Baking for Beginners: Baklava

I didn't discover the wonder of baklava until recently. Now I might be slightly addicted to the sugary stuff. But I've been spoilt. My first baklava experience was at a posh stall in Borough Market and I tried every single kind. That was a very expensive sugar rush. I've never braved the dry-looking supermarket stuff. As I'm not made of millions and can't visit Borough Market all the time, there was only one thing for it: I was going to have to make my own. I used this recipe as a starting point, and then played about with it adding orange blossom.

Baklava is surprisingly easy to make, but if you're hoping for a healthy treat, this isn't it. It's basically butter with some more butter, with some syrup and then some more butter on top. Don't feel that you need to use all of your butter or syrup, you want moist and sweet not overly soggy.

The good thing is that this recipe will give you about 20 pieces, so you'll have lots to share. And while I wouldn't usually suggest sharing treats, you'll give yourself a heart attack if you eat the whole tray yourself.

You'll need:
  • 1 pack of filo pastry
  • 180 g butter, melted
  • 250 g chopped nuts
  • 2 tsp ground cinnamon
  • 250 ml water
  • 200 g caster sugar
  • 150 ml honey (I used orange blossom)
  • dash of orange blossom water
Make it!
  • Preheat your oven to gas mark 4/180 degrees C and grease a small rectangular baking tray.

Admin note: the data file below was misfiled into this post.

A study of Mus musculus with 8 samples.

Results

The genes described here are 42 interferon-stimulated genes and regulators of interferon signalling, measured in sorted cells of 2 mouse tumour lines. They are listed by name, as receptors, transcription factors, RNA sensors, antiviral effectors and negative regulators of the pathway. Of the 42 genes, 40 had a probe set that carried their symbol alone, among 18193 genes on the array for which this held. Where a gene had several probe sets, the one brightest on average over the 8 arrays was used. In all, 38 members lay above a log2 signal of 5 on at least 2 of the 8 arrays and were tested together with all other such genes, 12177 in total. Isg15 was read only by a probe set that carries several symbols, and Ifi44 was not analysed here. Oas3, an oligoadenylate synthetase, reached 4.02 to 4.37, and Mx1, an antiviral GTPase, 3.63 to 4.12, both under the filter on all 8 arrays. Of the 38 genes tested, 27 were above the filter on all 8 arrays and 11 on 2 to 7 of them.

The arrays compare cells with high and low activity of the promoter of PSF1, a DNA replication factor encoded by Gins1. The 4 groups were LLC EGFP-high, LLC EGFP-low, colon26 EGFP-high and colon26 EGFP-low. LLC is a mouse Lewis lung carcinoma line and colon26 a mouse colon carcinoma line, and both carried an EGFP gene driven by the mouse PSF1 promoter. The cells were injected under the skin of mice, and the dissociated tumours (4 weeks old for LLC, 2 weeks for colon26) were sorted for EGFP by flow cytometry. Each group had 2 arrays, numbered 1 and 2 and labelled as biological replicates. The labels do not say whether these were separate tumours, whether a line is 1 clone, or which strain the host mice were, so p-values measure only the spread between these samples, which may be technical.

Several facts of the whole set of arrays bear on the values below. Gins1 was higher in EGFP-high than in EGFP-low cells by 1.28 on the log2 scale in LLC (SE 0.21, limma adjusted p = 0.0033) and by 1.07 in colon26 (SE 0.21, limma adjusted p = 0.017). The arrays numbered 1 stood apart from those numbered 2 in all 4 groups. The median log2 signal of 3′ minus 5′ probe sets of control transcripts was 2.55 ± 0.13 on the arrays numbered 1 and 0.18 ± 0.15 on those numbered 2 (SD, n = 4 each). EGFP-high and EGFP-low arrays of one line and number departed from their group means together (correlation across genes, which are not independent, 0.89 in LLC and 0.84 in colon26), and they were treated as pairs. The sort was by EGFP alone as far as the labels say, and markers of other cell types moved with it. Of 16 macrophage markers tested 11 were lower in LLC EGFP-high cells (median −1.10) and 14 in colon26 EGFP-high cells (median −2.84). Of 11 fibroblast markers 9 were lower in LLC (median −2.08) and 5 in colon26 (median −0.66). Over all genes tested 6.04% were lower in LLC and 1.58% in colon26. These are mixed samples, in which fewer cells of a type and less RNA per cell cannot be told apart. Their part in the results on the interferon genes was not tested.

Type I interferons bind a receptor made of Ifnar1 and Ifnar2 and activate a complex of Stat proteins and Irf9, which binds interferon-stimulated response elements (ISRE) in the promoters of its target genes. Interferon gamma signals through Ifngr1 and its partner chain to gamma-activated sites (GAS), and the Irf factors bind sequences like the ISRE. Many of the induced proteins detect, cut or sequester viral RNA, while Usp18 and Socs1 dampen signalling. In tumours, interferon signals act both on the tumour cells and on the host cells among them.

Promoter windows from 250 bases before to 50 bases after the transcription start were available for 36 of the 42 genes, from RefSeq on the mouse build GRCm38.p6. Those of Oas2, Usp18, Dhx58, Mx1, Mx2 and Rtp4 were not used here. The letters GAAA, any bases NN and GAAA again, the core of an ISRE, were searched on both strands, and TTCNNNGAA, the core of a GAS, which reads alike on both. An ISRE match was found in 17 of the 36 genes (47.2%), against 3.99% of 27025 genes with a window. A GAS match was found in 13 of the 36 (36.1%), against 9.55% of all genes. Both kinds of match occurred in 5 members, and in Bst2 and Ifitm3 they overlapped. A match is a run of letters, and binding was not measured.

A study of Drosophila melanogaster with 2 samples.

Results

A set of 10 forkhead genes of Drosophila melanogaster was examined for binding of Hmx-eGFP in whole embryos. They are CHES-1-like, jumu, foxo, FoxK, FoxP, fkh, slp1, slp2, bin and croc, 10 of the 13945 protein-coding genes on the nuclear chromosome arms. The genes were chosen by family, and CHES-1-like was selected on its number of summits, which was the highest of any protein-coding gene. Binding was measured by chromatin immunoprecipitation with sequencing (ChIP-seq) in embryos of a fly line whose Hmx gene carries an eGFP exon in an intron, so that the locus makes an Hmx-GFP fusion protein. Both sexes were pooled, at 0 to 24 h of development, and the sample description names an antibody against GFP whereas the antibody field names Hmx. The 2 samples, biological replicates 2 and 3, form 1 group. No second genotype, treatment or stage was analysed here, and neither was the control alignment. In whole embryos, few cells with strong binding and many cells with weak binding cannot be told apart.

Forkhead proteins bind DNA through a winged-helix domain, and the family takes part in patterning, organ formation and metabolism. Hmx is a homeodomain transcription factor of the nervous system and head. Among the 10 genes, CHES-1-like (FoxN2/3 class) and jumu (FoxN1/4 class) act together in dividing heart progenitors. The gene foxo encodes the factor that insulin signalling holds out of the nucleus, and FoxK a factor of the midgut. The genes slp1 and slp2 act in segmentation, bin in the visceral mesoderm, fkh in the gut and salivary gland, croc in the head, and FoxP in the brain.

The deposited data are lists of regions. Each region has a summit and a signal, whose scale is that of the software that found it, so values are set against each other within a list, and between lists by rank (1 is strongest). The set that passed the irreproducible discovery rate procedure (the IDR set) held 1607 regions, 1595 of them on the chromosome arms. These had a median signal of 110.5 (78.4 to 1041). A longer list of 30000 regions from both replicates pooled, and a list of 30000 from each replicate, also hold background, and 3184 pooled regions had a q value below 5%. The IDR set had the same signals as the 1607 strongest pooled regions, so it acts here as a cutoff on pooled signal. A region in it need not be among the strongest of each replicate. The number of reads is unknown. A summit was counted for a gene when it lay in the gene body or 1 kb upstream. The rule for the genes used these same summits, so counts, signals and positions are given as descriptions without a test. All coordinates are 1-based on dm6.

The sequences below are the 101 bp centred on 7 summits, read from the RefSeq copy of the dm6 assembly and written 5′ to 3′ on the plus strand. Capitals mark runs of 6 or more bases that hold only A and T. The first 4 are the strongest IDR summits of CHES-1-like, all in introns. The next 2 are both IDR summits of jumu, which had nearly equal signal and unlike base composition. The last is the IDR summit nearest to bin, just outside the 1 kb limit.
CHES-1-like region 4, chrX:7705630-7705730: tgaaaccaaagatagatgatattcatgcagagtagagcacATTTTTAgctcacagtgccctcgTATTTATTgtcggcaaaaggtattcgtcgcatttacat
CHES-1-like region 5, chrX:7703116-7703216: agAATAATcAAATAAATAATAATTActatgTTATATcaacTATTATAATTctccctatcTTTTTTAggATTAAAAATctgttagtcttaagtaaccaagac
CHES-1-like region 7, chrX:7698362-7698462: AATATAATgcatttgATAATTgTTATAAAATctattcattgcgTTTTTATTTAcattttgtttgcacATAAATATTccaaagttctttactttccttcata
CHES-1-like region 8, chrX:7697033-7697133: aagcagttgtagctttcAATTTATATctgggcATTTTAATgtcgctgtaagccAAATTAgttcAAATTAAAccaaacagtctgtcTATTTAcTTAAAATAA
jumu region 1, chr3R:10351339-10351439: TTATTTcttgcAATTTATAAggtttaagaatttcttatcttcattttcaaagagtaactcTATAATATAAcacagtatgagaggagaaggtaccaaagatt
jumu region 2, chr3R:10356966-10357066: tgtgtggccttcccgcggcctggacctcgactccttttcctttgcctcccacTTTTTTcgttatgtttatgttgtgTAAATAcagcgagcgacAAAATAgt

• Unroll your pastry and cut to fit your tray (the pastry will probably cut in half to fit).
  • Layer two sheets of pastry in the bottom of the dish, then brush with butter. You only need a light coating. Continue buttering and layering until you've got about eight sheets layered up.
  • Mix your nuts with the cinnamon, and sprinkle around 3 tablespoons of the mixture onto your pastry.
  • Add another two layers of pastry, butter and then more nuts. Repeat again so you've got another six layers of buttery, nutty tastiness.
  • Brush the top layer with butter and then slice into squares. Pop in the oven for about 40 minutes, until golden brown.
  • Google Research tells me that you either want to put cold syrup on hot baklava, or hot syrup on cold baklava to stop it going soggy. That latter is easier as once your honey has gone cold it'll set, so wait until your baklava has cooled before making the syrup.
  • Mix the water and sugar in a pan on a medium heat until the sugar is dissolved. Add the honey and orange water. Then simmer for about 20 minutes until gooey. Once you're done, and the baklava is completely cooled spoon over the top and allow to set.
  • When it's cool, cut into squares and serve with a side of sugar coma.


  1. Oh my GOD I love baklava! You clever girl making it from scratch. *opens mouth hopefully in manner of hungry baby bird*

  2. Oh wow, this looks amazing. Where did you get your orange blossom water from?

  3. Thank you ladies. I promise to make you some.

    Sara, it was in Sainsbury's. Either near the honey, or in the baking aisle. Don't remember, but it's pretty easy to find. Less than £2 a bottle too.

  4. This looks so delicious! Can't wait to try it out ... however you pronounce Baklava!

  5. This sounds absolutely INCREDIBLE.

  6. I love making baklava! You can also cut the pieces before you cook it which makes it a little easier.

  7. Beginners may need courage for Baklava, it is a bit tricky to obtain right softness of the pastry. But this one looks delicious. You can also try it with pistachios.

    BTW, your blog is cool, congratulations!

  8. Thanks, Gastroveggie! I think this is one of those things that gets easier after you've made it a few times, but the recipe is simple enough. You're right about the pistachios, but I couldn't find any!